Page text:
Christmas at the Dorchester

How to be SUCCESSFUL

by sam altman


Compounding is magic. Look for it everywhere. Exponential curves are the key to wealth generation.

A medium-sized business that grows 50% in value every year becomes huge in a very short amount of time. Few businesses in the world have true network effects and extreme scalability. But with technology, more and more will.  It’s worth a lot of effort to find them and create them.

You also want to be an exponential curve yourself—you should aim for your life to follow an ever-increasing up-and-to-the-right trajectory. It’s important to move towards a career that has a compounding effect—most careers progress fairly linearly.

You don't want to be in a career where people who have been doing it for two years can be as effective as people who have been doing it for twenty—your rate of learning should always be high. As your career progresses, each unit of work you do should generate more and more results. There are many ways to get this leverage, such as capital, technology, brand, network effects, and managing people.

It’s useful to focus on adding another zero to whatever you define as your success metric—money, status, impact on the world, or whatever. I am willing to take as much time as needed between projects to find my next thing. But I always want it to be a project that, if successful, will make the rest of my career look like a footnote.

Most people get bogged down in linear opportunities. Be willing to let small opportunities go to focus on potential step changes.

I think the biggest competitive advantage in business—either for a company or for an individual’s career—is long-term thinking with a broad view of how different systems in the world are going to come together. One of the notable aspects of compound growth is that the furthest out years are the most important. In a world where almost no one takes a truly long-term view, the market richly rewards those who do.

Trust the exponential, be patient, and be pleasantly surprised.

02

Have almost too much self-belief

Self-belief is immensely powerful. The most successful people I know believe in themselves almost to the point of delusion.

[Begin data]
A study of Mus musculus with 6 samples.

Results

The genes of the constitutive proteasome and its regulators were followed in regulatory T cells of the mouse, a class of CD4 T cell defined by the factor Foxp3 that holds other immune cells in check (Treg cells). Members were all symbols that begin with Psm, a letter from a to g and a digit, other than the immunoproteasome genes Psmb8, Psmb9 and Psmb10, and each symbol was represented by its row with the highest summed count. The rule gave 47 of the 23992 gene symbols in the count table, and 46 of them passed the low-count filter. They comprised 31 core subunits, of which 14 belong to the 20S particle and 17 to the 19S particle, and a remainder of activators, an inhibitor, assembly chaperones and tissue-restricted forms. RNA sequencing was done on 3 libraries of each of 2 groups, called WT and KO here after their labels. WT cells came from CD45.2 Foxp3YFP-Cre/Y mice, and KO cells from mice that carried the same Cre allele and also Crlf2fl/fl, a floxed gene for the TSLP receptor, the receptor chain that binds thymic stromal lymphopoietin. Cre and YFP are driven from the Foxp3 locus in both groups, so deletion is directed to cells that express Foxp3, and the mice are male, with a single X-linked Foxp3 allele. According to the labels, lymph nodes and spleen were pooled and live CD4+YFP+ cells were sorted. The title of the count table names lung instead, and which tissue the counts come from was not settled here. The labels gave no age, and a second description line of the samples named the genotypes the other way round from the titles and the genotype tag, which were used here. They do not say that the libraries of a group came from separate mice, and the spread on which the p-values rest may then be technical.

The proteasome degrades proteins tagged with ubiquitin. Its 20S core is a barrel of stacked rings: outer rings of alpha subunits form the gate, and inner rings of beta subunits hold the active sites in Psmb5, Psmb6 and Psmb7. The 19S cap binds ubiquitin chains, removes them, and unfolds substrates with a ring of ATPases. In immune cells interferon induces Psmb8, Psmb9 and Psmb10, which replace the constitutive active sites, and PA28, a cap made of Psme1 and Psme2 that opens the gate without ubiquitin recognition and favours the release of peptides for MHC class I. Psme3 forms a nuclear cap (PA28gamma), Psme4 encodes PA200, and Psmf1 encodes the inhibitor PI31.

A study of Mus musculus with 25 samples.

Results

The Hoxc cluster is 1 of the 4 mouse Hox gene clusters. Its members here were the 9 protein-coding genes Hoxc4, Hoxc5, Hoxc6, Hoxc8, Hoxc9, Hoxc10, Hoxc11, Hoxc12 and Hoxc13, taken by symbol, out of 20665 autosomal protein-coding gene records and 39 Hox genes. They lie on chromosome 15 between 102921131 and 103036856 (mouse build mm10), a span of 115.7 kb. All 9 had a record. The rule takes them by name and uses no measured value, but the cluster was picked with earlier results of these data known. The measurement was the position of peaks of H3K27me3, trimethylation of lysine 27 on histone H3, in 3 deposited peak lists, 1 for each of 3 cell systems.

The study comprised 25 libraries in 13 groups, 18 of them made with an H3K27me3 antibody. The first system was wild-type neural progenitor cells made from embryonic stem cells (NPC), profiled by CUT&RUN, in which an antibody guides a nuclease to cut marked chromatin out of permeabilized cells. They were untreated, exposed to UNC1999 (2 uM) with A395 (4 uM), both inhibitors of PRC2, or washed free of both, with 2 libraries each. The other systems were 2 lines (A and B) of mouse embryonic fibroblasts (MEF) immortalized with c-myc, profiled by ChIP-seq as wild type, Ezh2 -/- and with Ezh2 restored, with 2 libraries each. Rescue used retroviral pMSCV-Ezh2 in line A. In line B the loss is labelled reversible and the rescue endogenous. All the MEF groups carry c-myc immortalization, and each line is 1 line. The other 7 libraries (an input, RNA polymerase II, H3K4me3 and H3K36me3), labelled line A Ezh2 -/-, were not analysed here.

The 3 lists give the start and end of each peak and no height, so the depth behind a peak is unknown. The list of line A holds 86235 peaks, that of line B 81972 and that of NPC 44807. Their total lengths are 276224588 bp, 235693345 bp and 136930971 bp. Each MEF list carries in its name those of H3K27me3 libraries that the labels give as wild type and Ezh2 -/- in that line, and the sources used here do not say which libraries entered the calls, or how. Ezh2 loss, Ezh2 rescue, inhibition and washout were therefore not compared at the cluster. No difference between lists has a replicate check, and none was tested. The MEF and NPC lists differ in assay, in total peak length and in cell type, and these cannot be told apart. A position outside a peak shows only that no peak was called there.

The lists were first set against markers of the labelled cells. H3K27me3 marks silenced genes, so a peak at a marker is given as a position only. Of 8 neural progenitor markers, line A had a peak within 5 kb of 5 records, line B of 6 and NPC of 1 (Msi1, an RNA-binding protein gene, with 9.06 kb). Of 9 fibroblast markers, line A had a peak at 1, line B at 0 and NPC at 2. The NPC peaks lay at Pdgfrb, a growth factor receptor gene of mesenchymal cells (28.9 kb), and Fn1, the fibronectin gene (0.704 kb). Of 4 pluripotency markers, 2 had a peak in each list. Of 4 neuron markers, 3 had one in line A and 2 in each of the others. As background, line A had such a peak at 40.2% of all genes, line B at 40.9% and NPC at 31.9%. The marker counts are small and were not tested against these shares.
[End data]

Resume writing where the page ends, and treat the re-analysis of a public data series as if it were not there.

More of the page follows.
Cultivate this early. As you get more data points that your judgment is good and you can consistently deliver results, trust yourself more.

If you don’t believe in yourself, it’s hard to let yourself have contrarian ideas about the future. But this is where most value gets created.

I remember when Elon Musk took me on a tour of the SpaceX factory many years ago. He talked in detail about manufacturing every part of the rocket, but the thing that sticks in memory was the look of absolute certainty on his face when he talked about sending large rockets to Mars. I left thinking “huh, so that’s the benchmark for what conviction looks like.”

Managing your own morale—and your team’s morale—is one of the greatest challenges of most endeavors. It’s almost impossible without a lot of self-belief. And unfortunately, the more ambitious you are, the more the world will try to tear you down.

Most highly successful people have been really right about the future at least once at a time when people thought they were wrong. If not, they would have faced much more competition.

Self-belief must be balanced with self-awareness. I used to hate criticism of any sort and actively avoided it. Now I try to always listen to it with the assumption that it’s true, and then decide if I want to act on it or not. Truth-seeking is hard and often painful, but it is what separates self-belief from self-delusion.

This balance also helps you avoid coming across as entitled and out of touch.


Entrepreneurship is very difficult to teach because original thinking is very difficult to teach. School is not set up to teach this—in fact, it generally rewards the opposite. So you have to cultivate it on your own.

Thinking from first principles and trying to generate new ideas is fun, and finding people to exchange them with is a great way to get better at this. The next step is to find easy, fast ways to test these ideas in the real world.

“I will fail many times, and I will be really right once” is the entrepreneurs’ way. You have to give yourself a lot of chances to get lucky.

One of the most powerful lessons to learn is that you can figure out what to do in situations that seem to have no solution. The more times you do this, the more you will believe it. Grit comes from learning you can get back up after you get knocked down.